Why it matters: Trump launched several attacks on Hunter Biden as part of a strategy to force the Democratic nominee to lose his cool. Biden largely avoided taking the bait, and at one point turned to the audience and said, "This is not about my family or his family. It's about your family. American people. He doesn't want to talk about what you need."

The exchange:

BIDEN: "The nation can't stay divided. We can't be this way. Speaking of my son, the way you talk about the military, the way you talk about them being losers and being just being suckers. My son was in Iraq. He spent a year there. He got the Bronze Star. He got the Conspicuous Service Medal. He was not a loser. He was a patriot. And the people left behind there were heroes. And I resent --"
TRUMP: "Are you talking about Hunter? 
BIDEN: "I'm talking about my son Beau Biden."
TRUMP: "I don't know Beau. I know Hunter. Hunter got thrown out of the military. He was thrown out, dishonorably discharged for cocaine use. And he didn't have a job until you were vice president."
BIDEN: "None of that is true."
TRUMP: "Once you became vice president, he made a fortune in Ukraine and China and Moscow and various other places. And he didn't have a job."
BIDEN: "That is simply not true. My son, like a lot of people, like a lot of people you know at home, had a drug problem. He's overtaken it. He's fixed it. He's worked on it. And I'm proud of him."

Go deeper

WaPo: Trump urged Georgia's secretary of state to "find" votes to overturn Biden win

President Trump walks to the Oval Office on Dec 31. Photo: Bill O'Leary/The Washington Post via Getty Images

President Trump on Saturday tried to convince Georgia's Republican Secretary of State to "find 11,780 votes" — enough to overturn Joe Biden's win in the state — in an hourlong phone call obtained by the Washington Post.

Why it matters: Trump's personal appeal to Brad Raffensperger, which included suggesting that the secretary of state could face legal trouble if he did not take action on Trump's grievances, comes as several Senate Republicans plan to object to certifying election results in a last-ditch effort to support the president's unsubstantiated claims of voter fraud.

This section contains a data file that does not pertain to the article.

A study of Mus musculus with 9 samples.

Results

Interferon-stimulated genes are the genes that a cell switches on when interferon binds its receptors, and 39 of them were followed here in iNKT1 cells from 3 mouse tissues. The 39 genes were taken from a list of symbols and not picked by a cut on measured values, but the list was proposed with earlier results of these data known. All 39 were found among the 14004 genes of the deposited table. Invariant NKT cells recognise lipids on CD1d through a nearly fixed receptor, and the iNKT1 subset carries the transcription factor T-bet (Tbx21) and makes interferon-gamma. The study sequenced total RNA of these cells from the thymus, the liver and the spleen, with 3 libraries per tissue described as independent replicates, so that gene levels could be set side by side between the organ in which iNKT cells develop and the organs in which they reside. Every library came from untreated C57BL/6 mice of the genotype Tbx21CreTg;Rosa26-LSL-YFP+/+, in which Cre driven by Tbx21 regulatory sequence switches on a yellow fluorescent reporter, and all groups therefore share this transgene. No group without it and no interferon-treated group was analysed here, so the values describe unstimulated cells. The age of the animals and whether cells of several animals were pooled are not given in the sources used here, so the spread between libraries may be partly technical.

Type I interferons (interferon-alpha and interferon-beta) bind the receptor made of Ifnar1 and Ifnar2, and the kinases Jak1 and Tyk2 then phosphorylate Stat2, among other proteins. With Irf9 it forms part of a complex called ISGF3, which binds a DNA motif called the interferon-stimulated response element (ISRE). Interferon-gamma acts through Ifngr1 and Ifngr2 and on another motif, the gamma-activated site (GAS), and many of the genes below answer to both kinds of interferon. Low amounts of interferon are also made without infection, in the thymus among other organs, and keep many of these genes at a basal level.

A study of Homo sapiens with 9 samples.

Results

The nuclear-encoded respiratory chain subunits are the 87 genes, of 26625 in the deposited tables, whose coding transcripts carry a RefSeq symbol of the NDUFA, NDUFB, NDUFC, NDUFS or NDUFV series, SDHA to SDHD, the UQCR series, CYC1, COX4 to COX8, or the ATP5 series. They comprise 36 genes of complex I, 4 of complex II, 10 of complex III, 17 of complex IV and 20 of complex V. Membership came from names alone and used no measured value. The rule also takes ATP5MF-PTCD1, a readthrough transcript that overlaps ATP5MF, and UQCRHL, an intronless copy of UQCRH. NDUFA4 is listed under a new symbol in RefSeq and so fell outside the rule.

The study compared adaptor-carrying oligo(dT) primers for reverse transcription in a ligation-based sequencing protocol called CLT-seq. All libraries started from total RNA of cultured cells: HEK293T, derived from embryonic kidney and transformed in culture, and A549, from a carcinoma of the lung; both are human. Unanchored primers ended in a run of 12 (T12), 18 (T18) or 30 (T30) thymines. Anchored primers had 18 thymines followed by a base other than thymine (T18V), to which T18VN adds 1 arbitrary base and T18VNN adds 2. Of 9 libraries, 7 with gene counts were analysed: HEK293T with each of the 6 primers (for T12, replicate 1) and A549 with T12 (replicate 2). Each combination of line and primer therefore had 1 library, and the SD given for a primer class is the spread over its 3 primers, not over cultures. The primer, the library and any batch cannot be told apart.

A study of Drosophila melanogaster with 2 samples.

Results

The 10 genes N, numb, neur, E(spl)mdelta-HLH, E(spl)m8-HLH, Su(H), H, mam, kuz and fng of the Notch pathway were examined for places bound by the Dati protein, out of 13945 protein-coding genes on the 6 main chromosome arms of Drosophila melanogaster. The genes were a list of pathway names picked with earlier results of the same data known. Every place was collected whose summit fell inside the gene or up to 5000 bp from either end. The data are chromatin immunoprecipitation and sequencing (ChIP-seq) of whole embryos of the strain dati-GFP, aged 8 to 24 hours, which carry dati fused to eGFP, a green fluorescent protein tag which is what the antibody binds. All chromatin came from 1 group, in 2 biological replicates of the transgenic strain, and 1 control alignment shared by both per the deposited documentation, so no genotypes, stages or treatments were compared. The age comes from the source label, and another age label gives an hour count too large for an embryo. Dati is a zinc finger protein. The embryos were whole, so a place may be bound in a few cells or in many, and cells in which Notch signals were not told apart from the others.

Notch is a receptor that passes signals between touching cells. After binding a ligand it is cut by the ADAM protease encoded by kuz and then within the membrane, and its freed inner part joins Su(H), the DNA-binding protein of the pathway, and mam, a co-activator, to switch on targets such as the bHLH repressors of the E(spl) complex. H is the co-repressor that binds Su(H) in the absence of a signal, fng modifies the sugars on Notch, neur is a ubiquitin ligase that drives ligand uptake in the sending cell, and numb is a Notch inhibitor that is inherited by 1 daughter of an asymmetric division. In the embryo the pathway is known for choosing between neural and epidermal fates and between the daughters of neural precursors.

42 mins ago - World

Putin foe Navalny to be detained for 30 days after returning to Moscow

Russian opposition leader Alexey Navalny. Photo: Oleg Nikishin/Epsilon/Getty Images

Russian opposition leader Alexey Navalny has been ordered to remain in pre-trial detention for 30 days, following his arrest upon returning to Russia on Sunday for the first time since a failed assassination attempt last year.

Why it matters: The detention of Navalny, an anti-corruption activist and the most prominent domestic critic of Russian President Vladimir Putin, has already set off a chorus of condemnations from leaders in Europe and the U.S.

Biden picks Warren allies to lead SEC, CFPB

Photo: Justin Sullivan/Getty Images

President-elect Joe Biden has selected FTC commissioner Rohit Chopra to be the next director of the Consumer Financial Protection Bureau (CFPB) and Obama-era Wall Street regulator Gary Gensler to lead the Securities and Exchange Commission (SEC).

Why it matters: Both picks are progressive allies of Sen. Elizabeth Warren (D-Mass.) and viewed as likely to take aggressive steps to regulate big business.